September 12, 2013

Last week a human skull made primarily out of cocaine was brought to our attention. It was a commissioned piece conceptual artist Diddo, and it was called Ecce Animal. We were interested, because we’re huge fans of art and because cocaine. We reached out to Diddo himself to ask a few questions about his piece, and he was happy to respond.

Where did this idea come from? 
As in most of my work my inspiration is human behavior. It’s ever changing, endlessly fascinating, and enigmatic. Human behavior is a result of the conflict and cooperation of two dynamic forces within us. On one hand, we have vestigial animal instincts, without which we wouldn’t have survived our dangerous past. On the other, we are drawn to a communal lifestyle set in civilized societies. These two forces are mutually opposed and do not get on well. Essentially, we cannot live together and we cannot live apart. The point where these counter productive forces meet, is the point from which our true ‘human’ energy emerges. Ecce Animal attempts to crystalize this evolutionary fault line, and in some way transfer the energy generated by this collision.

Where did you obtain the cocaine? 
Are you asking for tips?

Did you test the cocaine you were using?
Personally? No. And after seeing the lab results I’m quite happy about that decision. It was tested at a qualified lab. You can read the full summary of their laboratory test report here.

Where is the piece now? Is it for sale?  For how much?
Describe the process of taking powdery cocaine and using it to sculpt a skull?
How much did you purchase? 
How much cocaine would you say is used in the skull?
Did you have any concerns about the legality of creating this sculpture? What’s to stop police officers from knocking on your door, confiscating it, and arresting you?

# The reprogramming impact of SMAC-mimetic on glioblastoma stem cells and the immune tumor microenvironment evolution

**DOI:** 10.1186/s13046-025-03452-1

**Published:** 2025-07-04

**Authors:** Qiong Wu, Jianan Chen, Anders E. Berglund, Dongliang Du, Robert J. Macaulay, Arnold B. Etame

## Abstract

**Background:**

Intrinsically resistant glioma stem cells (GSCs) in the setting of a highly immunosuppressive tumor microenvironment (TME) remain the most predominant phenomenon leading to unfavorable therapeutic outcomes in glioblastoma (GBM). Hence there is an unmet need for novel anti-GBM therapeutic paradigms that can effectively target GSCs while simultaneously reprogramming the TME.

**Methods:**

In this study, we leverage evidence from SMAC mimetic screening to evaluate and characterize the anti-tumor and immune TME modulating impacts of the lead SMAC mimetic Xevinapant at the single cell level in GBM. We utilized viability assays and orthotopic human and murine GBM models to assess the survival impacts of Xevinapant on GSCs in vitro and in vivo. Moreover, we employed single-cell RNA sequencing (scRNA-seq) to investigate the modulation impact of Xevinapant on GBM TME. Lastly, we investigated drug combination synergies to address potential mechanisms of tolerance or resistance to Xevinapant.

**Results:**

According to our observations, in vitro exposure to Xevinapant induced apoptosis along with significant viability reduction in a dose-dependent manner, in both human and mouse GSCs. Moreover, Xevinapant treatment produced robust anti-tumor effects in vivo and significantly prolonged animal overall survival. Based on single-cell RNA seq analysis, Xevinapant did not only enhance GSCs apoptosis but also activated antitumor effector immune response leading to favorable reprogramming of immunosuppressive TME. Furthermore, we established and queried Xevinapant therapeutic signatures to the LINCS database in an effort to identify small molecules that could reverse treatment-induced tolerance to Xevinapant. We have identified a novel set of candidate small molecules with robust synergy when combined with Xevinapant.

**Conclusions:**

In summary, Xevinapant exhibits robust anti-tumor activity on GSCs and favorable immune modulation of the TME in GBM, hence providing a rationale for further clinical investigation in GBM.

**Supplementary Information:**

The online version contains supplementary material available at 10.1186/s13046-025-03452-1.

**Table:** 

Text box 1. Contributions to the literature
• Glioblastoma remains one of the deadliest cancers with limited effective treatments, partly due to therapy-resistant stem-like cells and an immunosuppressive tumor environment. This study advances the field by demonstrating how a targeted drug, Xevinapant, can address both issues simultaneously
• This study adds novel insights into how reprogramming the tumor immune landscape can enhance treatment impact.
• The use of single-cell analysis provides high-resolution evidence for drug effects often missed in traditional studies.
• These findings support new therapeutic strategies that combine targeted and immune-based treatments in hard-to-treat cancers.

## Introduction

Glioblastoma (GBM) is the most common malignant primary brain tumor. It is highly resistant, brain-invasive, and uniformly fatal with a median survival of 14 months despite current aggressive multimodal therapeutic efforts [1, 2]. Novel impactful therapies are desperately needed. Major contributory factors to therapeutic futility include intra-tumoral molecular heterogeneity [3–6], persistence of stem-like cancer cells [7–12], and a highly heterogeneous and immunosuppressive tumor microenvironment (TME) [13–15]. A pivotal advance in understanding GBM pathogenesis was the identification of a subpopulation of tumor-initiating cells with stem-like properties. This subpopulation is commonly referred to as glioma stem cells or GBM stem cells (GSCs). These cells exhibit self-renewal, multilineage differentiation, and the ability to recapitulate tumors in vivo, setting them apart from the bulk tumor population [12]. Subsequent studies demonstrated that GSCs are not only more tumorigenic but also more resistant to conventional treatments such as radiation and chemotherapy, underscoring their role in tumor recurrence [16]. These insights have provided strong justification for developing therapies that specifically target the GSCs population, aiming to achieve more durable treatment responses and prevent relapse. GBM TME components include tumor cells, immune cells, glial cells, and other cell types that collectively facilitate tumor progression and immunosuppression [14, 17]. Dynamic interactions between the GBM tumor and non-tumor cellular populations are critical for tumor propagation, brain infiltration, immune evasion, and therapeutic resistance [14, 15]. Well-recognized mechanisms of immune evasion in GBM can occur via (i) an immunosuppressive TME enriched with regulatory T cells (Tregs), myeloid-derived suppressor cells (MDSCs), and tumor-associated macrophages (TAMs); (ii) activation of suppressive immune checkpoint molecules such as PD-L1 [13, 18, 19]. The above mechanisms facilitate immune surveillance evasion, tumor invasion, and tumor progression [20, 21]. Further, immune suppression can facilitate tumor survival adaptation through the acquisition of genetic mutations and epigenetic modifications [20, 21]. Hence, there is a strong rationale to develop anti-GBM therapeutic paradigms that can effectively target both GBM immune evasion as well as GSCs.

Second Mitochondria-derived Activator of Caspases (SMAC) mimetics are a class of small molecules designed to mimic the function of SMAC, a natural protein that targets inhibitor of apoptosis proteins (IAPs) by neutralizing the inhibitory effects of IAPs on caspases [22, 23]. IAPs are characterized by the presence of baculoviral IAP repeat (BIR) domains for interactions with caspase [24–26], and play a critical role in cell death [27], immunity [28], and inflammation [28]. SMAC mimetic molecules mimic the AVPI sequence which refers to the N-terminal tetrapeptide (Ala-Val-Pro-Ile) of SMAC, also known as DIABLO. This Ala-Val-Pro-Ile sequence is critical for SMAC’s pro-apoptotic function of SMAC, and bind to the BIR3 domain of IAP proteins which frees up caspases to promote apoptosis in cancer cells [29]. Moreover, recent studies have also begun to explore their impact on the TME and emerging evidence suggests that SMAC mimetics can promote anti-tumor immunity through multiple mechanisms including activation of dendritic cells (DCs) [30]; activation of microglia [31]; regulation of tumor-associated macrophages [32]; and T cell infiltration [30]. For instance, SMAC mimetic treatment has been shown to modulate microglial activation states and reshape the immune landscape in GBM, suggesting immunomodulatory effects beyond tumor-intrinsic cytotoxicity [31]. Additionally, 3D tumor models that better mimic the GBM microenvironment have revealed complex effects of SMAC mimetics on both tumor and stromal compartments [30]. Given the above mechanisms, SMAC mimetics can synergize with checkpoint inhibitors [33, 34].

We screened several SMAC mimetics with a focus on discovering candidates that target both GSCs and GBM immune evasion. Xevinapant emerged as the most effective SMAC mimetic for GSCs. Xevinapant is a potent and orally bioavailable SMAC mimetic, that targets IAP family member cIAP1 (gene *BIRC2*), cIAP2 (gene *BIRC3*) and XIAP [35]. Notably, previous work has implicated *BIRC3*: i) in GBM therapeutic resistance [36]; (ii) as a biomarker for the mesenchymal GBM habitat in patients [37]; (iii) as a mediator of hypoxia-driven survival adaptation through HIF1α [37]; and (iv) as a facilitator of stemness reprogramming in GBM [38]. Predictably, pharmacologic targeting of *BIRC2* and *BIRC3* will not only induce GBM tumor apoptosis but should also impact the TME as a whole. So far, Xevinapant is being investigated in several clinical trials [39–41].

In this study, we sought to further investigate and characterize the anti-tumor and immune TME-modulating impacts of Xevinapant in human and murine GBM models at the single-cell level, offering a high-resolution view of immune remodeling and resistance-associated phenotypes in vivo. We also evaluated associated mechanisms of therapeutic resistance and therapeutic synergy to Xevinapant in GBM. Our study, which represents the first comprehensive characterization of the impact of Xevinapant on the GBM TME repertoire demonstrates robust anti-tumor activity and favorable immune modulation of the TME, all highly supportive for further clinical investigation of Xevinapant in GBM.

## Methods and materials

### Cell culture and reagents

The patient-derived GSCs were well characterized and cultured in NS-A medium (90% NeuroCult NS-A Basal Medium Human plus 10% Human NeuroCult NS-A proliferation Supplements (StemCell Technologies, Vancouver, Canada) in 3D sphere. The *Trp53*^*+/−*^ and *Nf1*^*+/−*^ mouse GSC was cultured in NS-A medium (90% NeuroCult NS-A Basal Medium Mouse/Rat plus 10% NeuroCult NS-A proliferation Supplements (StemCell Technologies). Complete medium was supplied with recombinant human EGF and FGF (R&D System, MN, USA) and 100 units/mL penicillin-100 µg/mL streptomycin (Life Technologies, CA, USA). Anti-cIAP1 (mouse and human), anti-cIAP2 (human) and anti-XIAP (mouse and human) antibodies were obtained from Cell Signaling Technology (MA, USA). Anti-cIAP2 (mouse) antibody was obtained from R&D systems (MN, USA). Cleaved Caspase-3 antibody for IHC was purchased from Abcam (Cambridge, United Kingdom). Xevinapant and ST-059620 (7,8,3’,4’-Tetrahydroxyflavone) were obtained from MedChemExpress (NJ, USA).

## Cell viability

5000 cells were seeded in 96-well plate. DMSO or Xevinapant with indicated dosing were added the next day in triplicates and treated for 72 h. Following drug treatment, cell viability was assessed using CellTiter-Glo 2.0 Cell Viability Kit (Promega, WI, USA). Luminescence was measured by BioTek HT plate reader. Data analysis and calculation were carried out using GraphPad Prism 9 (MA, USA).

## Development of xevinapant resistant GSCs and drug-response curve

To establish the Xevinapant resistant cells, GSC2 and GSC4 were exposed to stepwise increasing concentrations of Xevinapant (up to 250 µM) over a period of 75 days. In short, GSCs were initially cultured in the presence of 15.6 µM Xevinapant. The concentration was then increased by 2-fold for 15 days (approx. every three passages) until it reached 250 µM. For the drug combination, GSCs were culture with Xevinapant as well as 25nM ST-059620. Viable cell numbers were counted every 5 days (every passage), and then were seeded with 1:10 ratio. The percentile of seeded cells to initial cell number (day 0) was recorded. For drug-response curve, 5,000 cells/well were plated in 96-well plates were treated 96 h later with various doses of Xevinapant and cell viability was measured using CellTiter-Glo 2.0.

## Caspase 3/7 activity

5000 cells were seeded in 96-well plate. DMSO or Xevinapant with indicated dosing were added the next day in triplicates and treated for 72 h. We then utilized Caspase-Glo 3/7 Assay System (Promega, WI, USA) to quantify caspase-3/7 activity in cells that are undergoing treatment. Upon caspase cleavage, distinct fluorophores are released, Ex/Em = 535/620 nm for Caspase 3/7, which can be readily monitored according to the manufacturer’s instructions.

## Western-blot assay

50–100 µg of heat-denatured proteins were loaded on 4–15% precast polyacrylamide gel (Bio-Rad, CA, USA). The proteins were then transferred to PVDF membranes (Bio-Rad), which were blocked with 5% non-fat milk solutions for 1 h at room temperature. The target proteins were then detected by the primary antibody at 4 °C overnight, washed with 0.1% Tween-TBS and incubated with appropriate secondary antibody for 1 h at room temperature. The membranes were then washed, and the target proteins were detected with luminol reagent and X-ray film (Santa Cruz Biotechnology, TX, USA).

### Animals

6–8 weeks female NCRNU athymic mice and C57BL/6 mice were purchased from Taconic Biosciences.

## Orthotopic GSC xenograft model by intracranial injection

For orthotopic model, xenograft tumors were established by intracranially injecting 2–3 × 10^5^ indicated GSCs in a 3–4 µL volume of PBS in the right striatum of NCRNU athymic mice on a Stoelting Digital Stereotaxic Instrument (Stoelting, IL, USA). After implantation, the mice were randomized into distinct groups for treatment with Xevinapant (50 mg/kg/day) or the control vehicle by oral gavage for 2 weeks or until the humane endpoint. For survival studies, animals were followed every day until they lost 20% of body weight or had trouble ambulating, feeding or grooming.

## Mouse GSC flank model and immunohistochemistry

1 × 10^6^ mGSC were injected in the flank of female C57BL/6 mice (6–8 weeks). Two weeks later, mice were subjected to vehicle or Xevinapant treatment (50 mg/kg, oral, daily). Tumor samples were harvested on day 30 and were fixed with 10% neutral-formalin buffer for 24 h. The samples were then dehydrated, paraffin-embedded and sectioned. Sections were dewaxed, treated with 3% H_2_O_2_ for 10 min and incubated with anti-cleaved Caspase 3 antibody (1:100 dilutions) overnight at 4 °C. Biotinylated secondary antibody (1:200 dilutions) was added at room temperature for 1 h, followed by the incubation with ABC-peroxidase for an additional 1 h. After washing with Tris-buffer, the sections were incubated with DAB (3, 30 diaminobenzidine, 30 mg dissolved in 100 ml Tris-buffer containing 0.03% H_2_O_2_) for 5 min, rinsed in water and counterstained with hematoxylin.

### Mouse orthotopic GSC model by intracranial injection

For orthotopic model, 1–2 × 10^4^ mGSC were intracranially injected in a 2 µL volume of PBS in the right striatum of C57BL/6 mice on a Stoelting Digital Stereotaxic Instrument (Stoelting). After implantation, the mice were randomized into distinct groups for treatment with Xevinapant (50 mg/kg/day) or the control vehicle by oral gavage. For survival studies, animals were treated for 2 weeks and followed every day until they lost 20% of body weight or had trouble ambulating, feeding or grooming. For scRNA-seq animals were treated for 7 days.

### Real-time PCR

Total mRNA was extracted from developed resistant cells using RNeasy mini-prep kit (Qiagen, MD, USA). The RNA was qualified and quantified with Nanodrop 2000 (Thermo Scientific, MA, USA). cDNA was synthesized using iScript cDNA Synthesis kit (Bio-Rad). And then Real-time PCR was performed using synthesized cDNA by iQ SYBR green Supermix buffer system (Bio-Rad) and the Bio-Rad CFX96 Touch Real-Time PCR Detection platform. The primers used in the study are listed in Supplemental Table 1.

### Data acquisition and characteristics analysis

As this was a commissioned piece, I’m under a pretty binding non-disclosure agreement, and thus unable to provide too much information.

Linking an addictive and destructive drug with a human skull is an obvious connection. Is it as obvious as it looks, or was there something more profound you were aiming it?
Hopefully it’s not that obvious. Ecce Animal is not intended to be parable on the self-destructiveness of addiction or substance abuse. Instead, it’s the focal point for a thought process. I don’t want to over-intellectualize, but it’s the fusion of two icons that provokes thought and discussion on the nature of man. Specifically, about his creation of, and participation in, a society which echoes his own tendency to lose control.

Why did you feel an accompanying poem was necessary, rather than letting the artwork speak for itself?
The image itself is not the whole ‘piece’. I’m not trying to communicate a single idea, or induce a specific way of thinking. What I hope to accomplish with the artist statement is provide people an arena for thought. The object is intended to be an icon, which creates that arena. The ‘poem’ is the passageway.

What is the accompanying poem trying to say?
We have temporarily outgrown the intended uses for our animal instincts. This leaves us in an uncomfortable conundrum. Where can we safely store them  until we need them again?